Aleph Farms confirmed to GlobalMeatNews that the minute steak would take around two years to fully develop and will then be placed in supermarkets and restaurants.
The firm claims that the steak replicates the “shape, texture and flavour of a steak”, without the need to slaughter cattle, and establishes a benchmark in cell-cultured meat technology.
Aleph Farms grew the product by extracting cattle cells and growing these into a 3D structure similar to conventional meat. The cells are nourished and grown to produce a complex matrix that replicates muscle tissue.
The company admitted that there were some barriers in creating the product, such as getting the various cell types to interact with each other to build a complete tissue structure, as well as finding the right nutrients and their combination to allow the multicellular matrix to grow together.
However, with a collaboration from Technion – Israel Institute of Technology in Haifa, Aleph Farms was able to develop a bioengineering platform to overcome the challenges.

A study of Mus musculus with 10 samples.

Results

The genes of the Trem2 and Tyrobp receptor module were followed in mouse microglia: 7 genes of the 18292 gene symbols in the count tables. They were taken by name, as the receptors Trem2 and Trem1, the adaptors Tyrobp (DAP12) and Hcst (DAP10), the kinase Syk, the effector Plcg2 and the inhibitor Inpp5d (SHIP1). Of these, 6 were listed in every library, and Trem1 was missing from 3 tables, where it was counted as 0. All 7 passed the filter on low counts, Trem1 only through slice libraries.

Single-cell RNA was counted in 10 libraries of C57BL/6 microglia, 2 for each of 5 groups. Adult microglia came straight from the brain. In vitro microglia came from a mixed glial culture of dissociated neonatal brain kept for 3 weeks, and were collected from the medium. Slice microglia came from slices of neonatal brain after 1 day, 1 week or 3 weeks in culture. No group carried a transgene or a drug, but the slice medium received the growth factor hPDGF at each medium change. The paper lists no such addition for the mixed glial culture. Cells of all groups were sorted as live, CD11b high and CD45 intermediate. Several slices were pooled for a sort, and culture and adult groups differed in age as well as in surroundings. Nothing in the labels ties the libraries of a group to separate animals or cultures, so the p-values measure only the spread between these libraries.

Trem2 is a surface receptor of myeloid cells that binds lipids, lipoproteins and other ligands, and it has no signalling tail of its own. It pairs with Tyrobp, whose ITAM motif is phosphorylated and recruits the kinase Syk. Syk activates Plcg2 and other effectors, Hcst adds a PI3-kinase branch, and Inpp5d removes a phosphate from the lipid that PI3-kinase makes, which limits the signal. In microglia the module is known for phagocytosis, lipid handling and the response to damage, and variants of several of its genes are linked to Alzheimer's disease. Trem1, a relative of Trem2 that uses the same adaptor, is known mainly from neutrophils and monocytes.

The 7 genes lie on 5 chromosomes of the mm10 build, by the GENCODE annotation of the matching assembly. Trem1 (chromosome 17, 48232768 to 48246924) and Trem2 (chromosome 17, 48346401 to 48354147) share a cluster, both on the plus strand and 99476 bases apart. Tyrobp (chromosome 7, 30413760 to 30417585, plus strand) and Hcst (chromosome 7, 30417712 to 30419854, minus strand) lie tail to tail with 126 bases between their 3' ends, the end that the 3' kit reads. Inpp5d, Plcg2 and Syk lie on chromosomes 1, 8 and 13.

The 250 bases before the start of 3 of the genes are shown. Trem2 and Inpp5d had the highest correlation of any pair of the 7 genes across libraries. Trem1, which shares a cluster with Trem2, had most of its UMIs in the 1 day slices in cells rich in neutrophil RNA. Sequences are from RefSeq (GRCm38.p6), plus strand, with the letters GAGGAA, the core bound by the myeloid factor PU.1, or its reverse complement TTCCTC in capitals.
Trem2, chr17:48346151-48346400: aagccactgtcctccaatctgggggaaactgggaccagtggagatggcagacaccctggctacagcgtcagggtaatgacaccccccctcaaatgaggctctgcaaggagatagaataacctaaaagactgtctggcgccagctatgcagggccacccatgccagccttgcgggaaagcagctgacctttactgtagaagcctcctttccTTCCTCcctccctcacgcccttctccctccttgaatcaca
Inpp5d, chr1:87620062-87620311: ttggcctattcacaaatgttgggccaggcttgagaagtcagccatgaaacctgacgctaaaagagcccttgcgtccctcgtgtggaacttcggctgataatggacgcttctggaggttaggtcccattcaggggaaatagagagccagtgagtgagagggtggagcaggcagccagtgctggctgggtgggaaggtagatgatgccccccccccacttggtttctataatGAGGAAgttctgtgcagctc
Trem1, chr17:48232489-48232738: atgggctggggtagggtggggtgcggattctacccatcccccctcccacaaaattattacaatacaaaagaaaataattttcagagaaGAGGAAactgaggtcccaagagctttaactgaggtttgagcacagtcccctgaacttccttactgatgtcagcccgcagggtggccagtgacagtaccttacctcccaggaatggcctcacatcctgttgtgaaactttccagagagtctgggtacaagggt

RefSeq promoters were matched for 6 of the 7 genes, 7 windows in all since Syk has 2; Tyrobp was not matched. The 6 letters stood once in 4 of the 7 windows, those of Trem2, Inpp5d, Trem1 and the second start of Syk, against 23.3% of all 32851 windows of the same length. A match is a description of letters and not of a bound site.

“Making a patty or a sausage from cells cultured outside the animal is challenging enough, [so] imagine how difficult it is to create a whole-muscle steak. At Aleph Farms, this is not science fiction. We’ve transformed the vision into reality by growing a steak under controlled conditions,” said Aleph Farms CEO Didier Toubia.
“The initial products are still relatively thin, but the technology we developed marks a true breakthrough and a great leap forward in producing a cell-grown steak.”
Netherlands-based Mosa Meat, which launched the world’s first cell-grown hamburger in 2013, revealed to GlobalMeatNews that it believed cultured meats would be available in the mainstream market by 2021.
Following the launch, Aleph Farms is implementing a combination of six technologies to drop the production costs of the meat, including approaches related to an animal-free growth medium to nourishing cells, as well as bioreactors – the tanks in which the tissue grows.
The Israeli firm recently urged the US Department of Agriculture (USDA) to promote the clean meat movement to improve food safety.